June 17, 2024
Treasury yields hold mostly steady as traders continue to price in May rate hike

Treasury yields hold mostly steady as traders continue to price in May rate hike

Treasury yields were mostly little changed Tuesday morning as traders expressed increasing certainty of another rate increase by the Federal Reserve in May.

What’s happening
  • The yield on the 2-year Treasury note TMUBMUSD02Y, 4.232% advanced to 4.207% from 4.186% on Monday. Yields move in the opposite direction to prices.
  • The yield on the 10-year Treasury note TMUBMUSD10Y, 3.583% was 3.594%, little changed versus 3.590% Monday afternoon.
  • The yield on the 30-year Treasury bond TMUBMUSD30Y, 3.793% was up slightly at 3.811% from 3.803% late Monday.
  • The only rates demonstrating large moves were in the short end of the Treasury market. The 1-month yield TMUBMUSD01M, 3.784% declined 10 basis points to 3.889%, as did the 1-year yield, which fell to 4.798% TMUBMUSD01Y, 4.778%, according to FactSet data.
What’s driving markets

Data released on Tuesday showed that China’s economy grew by a faster-than-expected 4.5% in the first quarter, though that failed to push Treasury yields higher.

Meanwhile, traders expressed increasing conviction that evidence of easing inflation, but a resilient economy, will encourage the Fed to raise borrowing costs again next month.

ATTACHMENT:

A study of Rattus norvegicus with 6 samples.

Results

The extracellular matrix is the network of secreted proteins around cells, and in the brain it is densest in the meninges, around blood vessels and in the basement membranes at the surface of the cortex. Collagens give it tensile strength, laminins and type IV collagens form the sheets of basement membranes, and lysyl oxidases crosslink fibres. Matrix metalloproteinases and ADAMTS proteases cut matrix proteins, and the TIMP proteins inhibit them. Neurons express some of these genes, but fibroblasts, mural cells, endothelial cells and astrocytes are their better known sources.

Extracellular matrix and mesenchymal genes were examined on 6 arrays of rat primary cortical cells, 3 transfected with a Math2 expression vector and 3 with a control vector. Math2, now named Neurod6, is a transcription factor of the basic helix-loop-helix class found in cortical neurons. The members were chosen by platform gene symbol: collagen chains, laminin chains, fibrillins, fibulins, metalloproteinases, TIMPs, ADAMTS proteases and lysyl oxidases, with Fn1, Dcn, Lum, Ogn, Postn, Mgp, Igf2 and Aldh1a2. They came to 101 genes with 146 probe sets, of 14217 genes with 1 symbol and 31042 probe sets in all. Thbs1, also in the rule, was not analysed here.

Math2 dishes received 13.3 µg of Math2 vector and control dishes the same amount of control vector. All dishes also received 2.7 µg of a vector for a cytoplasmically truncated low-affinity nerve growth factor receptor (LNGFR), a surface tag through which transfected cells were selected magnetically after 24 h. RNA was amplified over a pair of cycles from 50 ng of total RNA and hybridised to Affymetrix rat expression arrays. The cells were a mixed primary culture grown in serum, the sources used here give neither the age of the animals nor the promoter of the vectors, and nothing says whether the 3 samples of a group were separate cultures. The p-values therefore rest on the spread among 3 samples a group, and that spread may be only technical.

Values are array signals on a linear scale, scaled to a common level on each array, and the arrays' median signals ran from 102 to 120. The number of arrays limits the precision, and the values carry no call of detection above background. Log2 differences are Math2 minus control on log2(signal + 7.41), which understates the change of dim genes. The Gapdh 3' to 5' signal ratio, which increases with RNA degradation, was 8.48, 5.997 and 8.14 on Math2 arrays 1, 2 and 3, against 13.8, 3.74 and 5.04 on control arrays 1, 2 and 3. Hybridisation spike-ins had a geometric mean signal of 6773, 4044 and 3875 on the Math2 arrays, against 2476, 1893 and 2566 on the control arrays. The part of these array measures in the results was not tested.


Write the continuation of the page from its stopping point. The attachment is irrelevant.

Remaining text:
Markets priced in an 86.1% probability that the Fed will raise interest rates by another 25 basis points to a range of 5% to 5.25% on May 3, according to the CME FedWatch tool. The central bank is mostly expected to take its fed-funds rate target back down to between 4.5% and 4.75% by December, according to 30-day Fed Funds futures.

In U.S. data, construction on new homes fell 0.8% in March, while building permits, a key indicator of the pace of future construction, fell 8.8% to a 1.41 million rate. Fed Gov. Michelle Bowman is due to speak at 1 p.m. Eastern time.

What analysts are saying

“With the policy rate near the zone of ‘sufficiently restrictive’ and credit conditions continuing to tighten, there are emerging signs of disagreement among Fed officials about when to pause the tightening cycle,” said researchers at Deutsche Bank led by economist Amy Yang.

“Chicago Fed President [Austan] Goolsbee delivered one of the more dovish speeches we’ve heard of late. He advocated for prudence and patience and appeared to be more cautious about further hikes…On the other hand, NY Fed President [John] Williams continued to endorse the March SEP median — which saw one more 25bps hike as a baseline — as ‘reasonable’ given continued strong inflation.”

“In our view, with the acute phase of banking stress appearing to fade (at least for the time being) and another strong inflation report, we expect the Fed to deliver a final 25bps hike and hold steady at 5.1% through year-end, before beginning to cut rates in January 2024,” the Deutsche Bank team said.